The plan might have been purchased through the Health Insurance Exchange or through the growing number of employer-sponsored health insurance plans that are raising deductibles in order to keep monthly premiums low.

The deductible is the amount of money that you must pay out-of-pocket before your insurance starts to cover all or a portion of your medical bills. Minimum deductibles with an HDHP, set by the IRS, are $1,300 for an individual and $2,600 for a family for 2017. It is important to learn how to manage those deductible dollars and even reduce what you have to pay.

Benefits of a HDHP

  • Pay lower premiums – The most obvious benefit of an HDHP is the lower monthly or annual premium, so your up-front, out-of-pocket costs for the plan are lower. Sometimes it’s a roll of the dice – but if you can stand the risk of having that higher deductible then you will typically save money in the long run. These plans can work well for those who rarely get sick, and some may not even spend enough to meet the deductible. Although you might be saving money on the premium, however, you should still have a backup plan if something happens.
  • Manage your care and spending – Paying part of your costs out-of-pocket means that you can shop around and ask for best pricing. Under a standard health insurance plan there are often contracted and non-contracted or out-of-network providers that are either not paid for, or paid at a lower rate with you picking up a large share of the bill. With an HDHP, you can pay for services at lower-priced providers and still apply that cost to your deductible.
  • Health Savings Account (HSA) opportunities – If you have an HDHP and can contribute additional dollars to an has you are giving yourself savings for future use. An HSA is a savings plan that allows you to use dollars for health care when needed, but if not used rolls over year after year as savings. At retirement that money can be used for expenses other than caring for your health. Do not confuse an HSA with Flex Spending or FSA – which must be used each year or the money will be forfeited.

Disadvantages of HDHP

  • High out-of-pocket if anything happens – With deductibles ranging from a low of $1,300 for an individual to as high as $10,000 to $14,000 for a family, you must be prepared to handle these costs. Medical debt is the number one cause of bankruptcy in the U.S., and you must have a backup plan in place.
  • Healthy and young pay less – People who live healthy lifestyles and focus on prevention, and those who are young, benefit more from HDHP plans. Those with chronic illness or who do not focus on healthy living by losing weight, smoking cessation, healthy diet, and exercise will likely pay more out-of-pocket due to increased occurrence of illness.
  • Temptation to skip care – While some individuals spend time shopping around to find the lowest prices, others may skip necessary care – putting their health further at risk. Those who don’t realize that certain screenings are included in their insurance without cost may skip the mammogram or colonoscopy and put their future health at further risk.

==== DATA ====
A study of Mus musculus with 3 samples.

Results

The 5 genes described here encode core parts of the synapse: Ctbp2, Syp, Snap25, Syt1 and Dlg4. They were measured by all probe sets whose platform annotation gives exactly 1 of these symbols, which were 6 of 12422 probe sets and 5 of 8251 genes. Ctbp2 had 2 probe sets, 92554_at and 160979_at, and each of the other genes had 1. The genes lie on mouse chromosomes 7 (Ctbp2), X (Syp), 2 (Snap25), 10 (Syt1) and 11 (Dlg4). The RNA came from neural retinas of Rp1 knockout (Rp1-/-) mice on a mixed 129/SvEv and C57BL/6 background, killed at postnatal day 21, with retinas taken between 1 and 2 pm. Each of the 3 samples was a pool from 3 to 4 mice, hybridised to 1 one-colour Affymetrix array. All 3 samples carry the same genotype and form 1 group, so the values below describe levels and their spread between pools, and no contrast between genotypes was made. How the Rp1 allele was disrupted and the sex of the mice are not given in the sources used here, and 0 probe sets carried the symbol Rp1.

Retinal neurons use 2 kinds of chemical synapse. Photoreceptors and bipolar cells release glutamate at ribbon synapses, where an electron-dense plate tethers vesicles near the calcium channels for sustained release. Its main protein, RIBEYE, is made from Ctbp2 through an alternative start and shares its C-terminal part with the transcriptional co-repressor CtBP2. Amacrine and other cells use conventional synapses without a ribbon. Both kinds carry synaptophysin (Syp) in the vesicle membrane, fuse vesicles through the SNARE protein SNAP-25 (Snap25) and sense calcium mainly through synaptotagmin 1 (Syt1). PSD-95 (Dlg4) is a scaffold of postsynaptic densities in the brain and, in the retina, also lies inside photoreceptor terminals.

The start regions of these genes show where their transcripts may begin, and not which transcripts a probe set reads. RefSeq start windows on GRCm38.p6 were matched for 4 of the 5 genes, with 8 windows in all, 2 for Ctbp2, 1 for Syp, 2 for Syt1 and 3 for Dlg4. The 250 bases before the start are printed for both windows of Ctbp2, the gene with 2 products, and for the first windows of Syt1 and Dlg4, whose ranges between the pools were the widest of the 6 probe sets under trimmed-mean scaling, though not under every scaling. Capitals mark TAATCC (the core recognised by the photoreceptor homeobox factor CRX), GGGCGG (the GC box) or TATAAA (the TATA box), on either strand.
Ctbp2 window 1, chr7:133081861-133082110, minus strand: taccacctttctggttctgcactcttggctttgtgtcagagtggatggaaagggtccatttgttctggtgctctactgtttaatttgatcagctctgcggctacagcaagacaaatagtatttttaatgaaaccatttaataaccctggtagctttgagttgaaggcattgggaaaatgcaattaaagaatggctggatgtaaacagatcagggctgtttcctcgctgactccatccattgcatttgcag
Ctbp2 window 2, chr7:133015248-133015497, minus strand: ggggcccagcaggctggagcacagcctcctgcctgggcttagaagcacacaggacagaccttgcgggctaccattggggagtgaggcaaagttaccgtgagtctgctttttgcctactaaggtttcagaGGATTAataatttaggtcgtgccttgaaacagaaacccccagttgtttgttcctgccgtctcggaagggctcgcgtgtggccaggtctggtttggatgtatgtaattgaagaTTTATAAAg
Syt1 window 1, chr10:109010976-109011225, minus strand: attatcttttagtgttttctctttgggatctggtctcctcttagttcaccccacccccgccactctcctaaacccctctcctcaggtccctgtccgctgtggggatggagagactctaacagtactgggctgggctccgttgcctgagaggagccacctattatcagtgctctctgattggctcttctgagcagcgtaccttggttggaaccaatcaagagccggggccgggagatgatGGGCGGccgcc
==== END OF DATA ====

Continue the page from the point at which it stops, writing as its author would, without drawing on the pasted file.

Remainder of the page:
Take steps to mitigate these costs

  • Manage your spending and costs – Having an HDHP means that you, the insured, can take more responsibility for healthcare costs and shop around to save money. Since you will be carrying more of the cost, you can look for the lowest price for a test, insist that your physician only orders necessary testing, or only go to the emergency room for truly critical situations. The price for services can vary greatly from one provider to the next, so spend time shopping around. Consumer Reports warns, however, not to choose healthcare by price alone. Read reviews and study the details so you do not sacrifice quality for the lowest price.
  • Use included services – Routine health and screening services like mammograms, colonoscopies, and vaccines are now included in healthcare plans and required by the Affordable Care Act. Take advantage of these services to catch problems early and stay healthy.
  • Talk with your doctor – Ask your physician for advice on where to save money. Your doctor is often your best resource for finding the least expensive but highest quality products, tests, and services.
  • Schedule your care smartly – If you know that you will need an expensive test or service and can schedule it early in the year you will save money later in the year if something else comes up when you have already met all or part of your deductible.
  • Enroll in emergency insurance – Adding emergency insurance – such as critical illness or accident insurance – is an affordable way to help cover some of the costs associated with care and is especially effective when combined with an HDHP. Emergency insurance pays a lump sum or a defined amount to you if diagnosed with a covered illness or condition or if you have an accident. The money paid to you can be spent on the things you need for your care – to help you pay your deductible and other out-of-pocket expenses.

Emerge offers emergency insurance plans to help you meet the costs of the deductible under an HDHP or as a supplement to any plan. We have included an infographic on our website to help you understand how emergency insurance can help you and your family.

At Emerge, our goal is to make insurance for emergencies accessible, and easy to understand and buy so that you can protect your finances and your health. Give us a try today a get a free Personal Protection Plan and Risk Report and learn more about this valuable financial asset you can add to your insurance coverage.